By Jacob Katel
By Laurie Charles
By Nate "Igor" Smith
By Abel Folgar
By Kat Bein
By Jacob Katel
One of the pleasures of following the local music scene is the direct line of communication between performer and audience. An example: You buy a recorded work by a local artist or band. A) You think it's great, or B) you think it sucks. Either way, you get to tell them in person at their next show, causing them to A) shower you with an almost embarrassing outpouring of slavering gratitude (and, if you play your cards right, a free beer or two), or B) they abandon all hope and forsake their musical aspirations in a fit of despair (unless they're Rat Bastard, in which case they will shower you with an almost embarrassing outpouring of slavering gratitude, and then ask you to buy them a beer).
For the two scenarios to play themselves out, of course, you need to purchase the recorded work in the first place. While South Florida bands have a long, proud tradition of recording activity dating back to the 1960s, the emergence (and eventual dominance) of compact discs over the past decade has made it increasingly more difficult for local acts to compete for the attention of consumers. For better or worse, the CD format itself confers a certain air of legitimacy and quality.
Lower CD manufacturing costs and increased technical proficiency by the bands themselves -- not to mention the growing artistic maturity of a scene that has seen several artists sign major-label deals during the past year -- have made compact discs a realistic option for local musicians. They're responding in a big way.
Local unsigned acts accounted for at least 25 CD releases in the past year, many of them with production values and packaging equal to anything put out by national labels. That's nearly double the number of CDs released locally in 1993, says Glenn Richards, who hosted a local-music show on WSHE from 1990 to 1993 and now cohosts WVUM's Locals Only.
With about 1000 being the average number of actual discs pressed per release, South Florida's acts have contributed perhaps 25,000 units of the nearly 500 million shipped last year in total. A drop in the bucket to be sure.
But what local unsigned acts lack in numbers, they more than make up for in heart. Among the CD releases this year are efforts by such notables as Nil Lara, For Squirrels, the Holy Terrors, Raw B Jae and the Liquid Funk, Vandal, Sixo, Milk Can, Rooster Head, and Cell 63. Several more local CDs are slated for release early next year, including long-anticipated efforts by the Goods and Diane Ward.
Much of the increased output can be attributed to lower manufacturing costs. At AstralTech Americas in Boca Raton, where Florida-based bands compose roughly ten percent of the customer base, the per-unit cost fluctuates between $1.10 and $1.35, according to company president Michael Ostroff. That's about one-third less than it cost to press the Mavericks's debut CD in 1991, notes Rich Ulloa, who founded Y&T Music just to release the Mavs's music.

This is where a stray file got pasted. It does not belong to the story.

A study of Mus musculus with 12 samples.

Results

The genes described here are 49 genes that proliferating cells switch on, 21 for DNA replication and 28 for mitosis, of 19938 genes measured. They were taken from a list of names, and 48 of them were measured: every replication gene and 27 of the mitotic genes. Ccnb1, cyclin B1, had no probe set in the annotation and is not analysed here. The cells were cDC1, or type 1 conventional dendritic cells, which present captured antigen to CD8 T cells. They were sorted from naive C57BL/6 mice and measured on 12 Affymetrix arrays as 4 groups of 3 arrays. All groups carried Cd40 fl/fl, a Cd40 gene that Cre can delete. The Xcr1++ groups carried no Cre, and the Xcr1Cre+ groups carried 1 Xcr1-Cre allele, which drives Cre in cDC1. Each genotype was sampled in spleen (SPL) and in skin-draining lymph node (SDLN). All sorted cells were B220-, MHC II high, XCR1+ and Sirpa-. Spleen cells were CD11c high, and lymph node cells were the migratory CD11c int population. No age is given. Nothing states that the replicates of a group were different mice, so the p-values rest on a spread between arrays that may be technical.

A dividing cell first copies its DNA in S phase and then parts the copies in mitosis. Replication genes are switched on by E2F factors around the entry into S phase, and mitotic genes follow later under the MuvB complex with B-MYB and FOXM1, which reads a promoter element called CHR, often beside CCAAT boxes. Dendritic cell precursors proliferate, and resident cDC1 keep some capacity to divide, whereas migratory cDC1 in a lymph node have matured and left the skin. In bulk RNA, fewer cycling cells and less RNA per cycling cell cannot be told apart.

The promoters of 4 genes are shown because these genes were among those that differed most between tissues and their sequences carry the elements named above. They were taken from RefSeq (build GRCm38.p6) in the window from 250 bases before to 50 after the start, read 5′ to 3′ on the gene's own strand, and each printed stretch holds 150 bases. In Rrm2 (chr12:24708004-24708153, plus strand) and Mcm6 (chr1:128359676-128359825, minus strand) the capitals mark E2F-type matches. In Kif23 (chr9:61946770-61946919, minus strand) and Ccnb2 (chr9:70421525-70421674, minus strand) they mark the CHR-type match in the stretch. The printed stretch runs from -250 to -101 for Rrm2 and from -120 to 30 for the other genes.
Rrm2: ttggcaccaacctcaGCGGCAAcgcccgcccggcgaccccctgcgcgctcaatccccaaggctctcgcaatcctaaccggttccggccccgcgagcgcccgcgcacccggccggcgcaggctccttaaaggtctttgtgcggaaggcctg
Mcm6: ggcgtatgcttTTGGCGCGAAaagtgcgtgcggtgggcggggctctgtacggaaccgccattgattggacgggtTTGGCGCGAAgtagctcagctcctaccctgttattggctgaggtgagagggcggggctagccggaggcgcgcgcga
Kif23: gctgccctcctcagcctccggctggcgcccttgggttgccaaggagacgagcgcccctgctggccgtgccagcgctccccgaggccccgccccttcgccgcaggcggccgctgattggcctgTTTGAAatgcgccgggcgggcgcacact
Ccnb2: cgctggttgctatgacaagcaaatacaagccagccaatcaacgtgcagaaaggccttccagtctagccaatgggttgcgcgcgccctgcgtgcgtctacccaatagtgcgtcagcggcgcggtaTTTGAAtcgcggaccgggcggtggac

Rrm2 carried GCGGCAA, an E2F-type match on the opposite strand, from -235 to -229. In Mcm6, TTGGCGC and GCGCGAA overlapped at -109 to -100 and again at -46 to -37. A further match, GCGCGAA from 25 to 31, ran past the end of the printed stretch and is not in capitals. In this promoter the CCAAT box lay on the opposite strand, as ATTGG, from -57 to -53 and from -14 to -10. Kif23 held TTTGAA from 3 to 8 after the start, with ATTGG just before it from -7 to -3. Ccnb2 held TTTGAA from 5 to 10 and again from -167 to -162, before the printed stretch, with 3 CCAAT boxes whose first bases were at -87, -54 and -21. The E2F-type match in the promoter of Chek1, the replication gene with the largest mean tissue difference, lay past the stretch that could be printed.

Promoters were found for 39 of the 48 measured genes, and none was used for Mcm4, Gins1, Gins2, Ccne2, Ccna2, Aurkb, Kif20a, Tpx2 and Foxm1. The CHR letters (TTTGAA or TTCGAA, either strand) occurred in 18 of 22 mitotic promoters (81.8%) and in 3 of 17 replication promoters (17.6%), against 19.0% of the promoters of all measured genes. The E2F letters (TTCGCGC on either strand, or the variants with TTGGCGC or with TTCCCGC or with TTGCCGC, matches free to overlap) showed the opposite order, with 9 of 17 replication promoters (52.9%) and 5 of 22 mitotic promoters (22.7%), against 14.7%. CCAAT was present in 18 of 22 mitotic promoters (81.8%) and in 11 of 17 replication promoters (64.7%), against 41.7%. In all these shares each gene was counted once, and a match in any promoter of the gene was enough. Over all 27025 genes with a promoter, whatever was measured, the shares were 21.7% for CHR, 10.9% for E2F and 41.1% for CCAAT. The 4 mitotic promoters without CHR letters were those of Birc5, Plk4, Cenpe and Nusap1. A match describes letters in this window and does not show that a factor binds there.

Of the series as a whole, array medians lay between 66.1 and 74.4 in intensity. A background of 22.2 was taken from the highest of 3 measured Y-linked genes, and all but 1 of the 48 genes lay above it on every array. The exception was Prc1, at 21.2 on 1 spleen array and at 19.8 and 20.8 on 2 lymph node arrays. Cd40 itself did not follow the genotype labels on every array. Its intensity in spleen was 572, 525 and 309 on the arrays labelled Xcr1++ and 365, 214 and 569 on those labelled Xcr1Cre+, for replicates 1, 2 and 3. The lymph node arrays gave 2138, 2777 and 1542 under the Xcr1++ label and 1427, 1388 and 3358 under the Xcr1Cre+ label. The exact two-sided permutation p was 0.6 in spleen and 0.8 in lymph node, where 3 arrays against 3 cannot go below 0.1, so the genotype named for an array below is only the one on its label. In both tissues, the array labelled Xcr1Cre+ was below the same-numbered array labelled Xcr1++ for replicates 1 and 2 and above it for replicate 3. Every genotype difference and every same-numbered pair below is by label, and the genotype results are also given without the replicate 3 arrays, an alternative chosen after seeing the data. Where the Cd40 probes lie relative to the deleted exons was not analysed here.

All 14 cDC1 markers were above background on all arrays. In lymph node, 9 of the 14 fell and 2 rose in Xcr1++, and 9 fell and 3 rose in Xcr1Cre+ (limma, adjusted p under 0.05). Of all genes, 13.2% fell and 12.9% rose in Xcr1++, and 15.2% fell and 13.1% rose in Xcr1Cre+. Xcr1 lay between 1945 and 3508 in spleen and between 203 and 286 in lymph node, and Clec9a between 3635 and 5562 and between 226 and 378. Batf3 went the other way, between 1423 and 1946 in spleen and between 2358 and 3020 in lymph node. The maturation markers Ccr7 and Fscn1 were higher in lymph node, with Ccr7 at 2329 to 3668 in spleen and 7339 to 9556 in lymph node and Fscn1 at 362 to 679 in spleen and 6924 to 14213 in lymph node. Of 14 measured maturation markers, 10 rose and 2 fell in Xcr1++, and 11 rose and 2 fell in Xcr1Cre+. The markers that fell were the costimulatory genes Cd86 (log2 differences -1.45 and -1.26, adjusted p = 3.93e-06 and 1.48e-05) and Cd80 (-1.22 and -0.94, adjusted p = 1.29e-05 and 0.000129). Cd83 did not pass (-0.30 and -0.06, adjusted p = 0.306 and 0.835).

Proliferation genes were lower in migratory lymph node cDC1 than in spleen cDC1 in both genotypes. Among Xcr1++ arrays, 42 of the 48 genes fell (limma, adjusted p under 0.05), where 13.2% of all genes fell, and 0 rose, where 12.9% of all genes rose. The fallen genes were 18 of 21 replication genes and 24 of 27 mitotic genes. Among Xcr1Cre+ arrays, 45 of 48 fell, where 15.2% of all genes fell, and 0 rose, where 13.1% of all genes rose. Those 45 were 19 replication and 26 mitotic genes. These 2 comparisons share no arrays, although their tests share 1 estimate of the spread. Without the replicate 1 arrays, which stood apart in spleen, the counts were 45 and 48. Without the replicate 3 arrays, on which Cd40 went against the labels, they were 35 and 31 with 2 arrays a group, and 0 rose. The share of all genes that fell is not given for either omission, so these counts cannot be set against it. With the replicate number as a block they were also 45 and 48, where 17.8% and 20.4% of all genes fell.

Cassettes are still cheaper to manufacture (generally costing about half as much per unit as CDs, depending on the length) and vinyl still has a substantial following among indie acts and their fans. Then there's folks such as Magda Hiller, who's last release nothing but... is available on cassette only, because she doesn't own a CD player.
But CDs are catching on with bands for a number of reasons, not the least of which is their inherent sales potential. When Halo released Picasso Trigger Is Dead as a cassette last year, front man Oscar Herrera says people balked. "Everybody kept saying, 'When are you going to put the CD out?'" he recalls. The band's newest offering, Cult of the Birdman, was released in June...on CD only.
In addition to public demand, Herrera says he factored in the importance of making a good impression on radio station programmers and the A&R reps at labels. "No matter what, a cassette never looks as professional as a CD," he notes. "[The new CD] comes across as a calling card. You know, 'This band is serious, because this looks serious and sounds serious.'"
Drive Choir is taking a slightly different promotional tack with its new CD 11 on 7. In keeping with their garage ethos, the band eschewed the traditional jewel box, packaging their deliberately low-fi CD as if it were a seven-inch vinyl single, complete with the plastic sleeve and photocopied cover art. "We send them out to the upper magazines like Spin, but also the independent 'zines that are three or four pages long," says the band's Bill Munoz. "We try anything, really." Their primary goal in this regard is better distribution through a regional or national deal.
Rich Ulloa knows firsthand the promotional value of CDs. Since founding Y&T Records he has released four CDs by three different acts -- the Mavericks, Mary Karlzen, and For Squirrels. The first of those acts is now riding high on the national country charts with its second release for MCA. Karlzen's first CD for Atlantic Records is set for release early next year and looks to get plenty of label support. Rumors are rampant that For Squirrels is on the verge of a major-label signing.